After a short hiatus, we at the Aging Well Blog are back!
Just a quick post today. George, our associate who also wears the hat of a speech-language pathologist, came across an excellent list of 10 tips for communicating with a person with Alzheimer’s disease (“AD”). This comes from Relias Learning’s continuing education course entitled “Alzheimer’s Disease and Dementia: Interacting with Family Caregivers.”
Depending on how advanced a person’s AD is, trying to communicate with a person with the disease can be a challenge. The conversation partner must not only endeavor to understand the person with AD but also to be understood by this person.
Here are some helpful tips:
- Make eye contact.
- Be at the person’s level.
- Tell the person what you are going to do before you do it.
- Speak calmly.
- Speak slowly; let the person set the pace of the conversation.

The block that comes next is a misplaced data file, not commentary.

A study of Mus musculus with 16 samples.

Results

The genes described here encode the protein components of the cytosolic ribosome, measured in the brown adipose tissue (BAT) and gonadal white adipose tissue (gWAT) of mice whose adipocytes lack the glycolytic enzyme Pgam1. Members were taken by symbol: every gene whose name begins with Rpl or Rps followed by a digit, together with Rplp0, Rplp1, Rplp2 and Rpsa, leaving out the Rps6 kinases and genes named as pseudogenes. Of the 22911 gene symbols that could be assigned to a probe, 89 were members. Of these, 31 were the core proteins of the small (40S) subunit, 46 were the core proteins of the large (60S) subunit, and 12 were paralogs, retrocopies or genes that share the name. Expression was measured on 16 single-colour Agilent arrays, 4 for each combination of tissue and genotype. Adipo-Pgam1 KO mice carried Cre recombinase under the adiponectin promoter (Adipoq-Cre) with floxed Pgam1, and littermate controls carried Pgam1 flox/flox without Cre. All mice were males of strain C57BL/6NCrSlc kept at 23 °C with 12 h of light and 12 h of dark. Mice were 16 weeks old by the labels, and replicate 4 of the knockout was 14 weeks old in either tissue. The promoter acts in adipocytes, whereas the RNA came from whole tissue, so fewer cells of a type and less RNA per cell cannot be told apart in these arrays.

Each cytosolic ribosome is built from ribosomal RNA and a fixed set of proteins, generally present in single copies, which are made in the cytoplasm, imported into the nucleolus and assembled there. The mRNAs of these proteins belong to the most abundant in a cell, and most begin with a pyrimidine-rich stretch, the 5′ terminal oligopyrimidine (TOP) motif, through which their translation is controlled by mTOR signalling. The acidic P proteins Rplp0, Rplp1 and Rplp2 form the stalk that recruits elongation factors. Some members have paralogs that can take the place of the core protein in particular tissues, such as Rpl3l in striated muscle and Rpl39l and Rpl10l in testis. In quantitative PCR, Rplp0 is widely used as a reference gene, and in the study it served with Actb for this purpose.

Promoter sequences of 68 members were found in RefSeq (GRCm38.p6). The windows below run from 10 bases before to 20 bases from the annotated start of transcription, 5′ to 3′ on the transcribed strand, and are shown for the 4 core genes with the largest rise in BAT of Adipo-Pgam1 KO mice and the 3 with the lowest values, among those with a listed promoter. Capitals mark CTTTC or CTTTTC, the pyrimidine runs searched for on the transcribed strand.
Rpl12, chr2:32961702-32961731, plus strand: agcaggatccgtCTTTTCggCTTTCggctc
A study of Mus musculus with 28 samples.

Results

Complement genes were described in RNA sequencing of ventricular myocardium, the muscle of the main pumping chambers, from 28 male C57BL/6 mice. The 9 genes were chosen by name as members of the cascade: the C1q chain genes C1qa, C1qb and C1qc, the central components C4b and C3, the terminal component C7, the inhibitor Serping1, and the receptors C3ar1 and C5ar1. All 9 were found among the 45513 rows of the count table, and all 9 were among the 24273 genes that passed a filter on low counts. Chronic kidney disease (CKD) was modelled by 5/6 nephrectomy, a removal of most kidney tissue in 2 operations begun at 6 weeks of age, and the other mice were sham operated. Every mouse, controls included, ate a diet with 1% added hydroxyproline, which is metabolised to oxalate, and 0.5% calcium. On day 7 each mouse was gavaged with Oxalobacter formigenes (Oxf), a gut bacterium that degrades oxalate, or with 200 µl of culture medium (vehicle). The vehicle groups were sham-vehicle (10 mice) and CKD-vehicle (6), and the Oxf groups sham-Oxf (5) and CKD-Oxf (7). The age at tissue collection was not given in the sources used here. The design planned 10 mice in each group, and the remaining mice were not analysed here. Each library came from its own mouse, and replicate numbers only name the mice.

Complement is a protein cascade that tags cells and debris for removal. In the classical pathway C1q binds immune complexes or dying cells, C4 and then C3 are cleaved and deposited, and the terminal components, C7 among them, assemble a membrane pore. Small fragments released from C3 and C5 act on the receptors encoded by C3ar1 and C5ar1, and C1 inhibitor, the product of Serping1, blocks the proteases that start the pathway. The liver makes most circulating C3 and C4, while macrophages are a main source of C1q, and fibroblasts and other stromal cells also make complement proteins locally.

- Speak in short sentences with simple words.
- Only ask one question at a time – Never ask WHY.
- Avoid talking about the person as if he or she is not there.
- Turn negatives into positives.
- Do not argue with the person.
You want to help the person with AD feel calm and safe, as coping with the symptoms of AD, such as memory loss, is naturally fear-inducing. Asking straightforward questions, one question at a time, and avoiding asking “Why” can decrease the linguistic complexity and resultant cognitive load on the person with AD. Even if the person is saying things not rooted in reality, arguing with the person will usually not help the situation. Try calmly validating the person with AD’s feelings and then redirecting the conversation.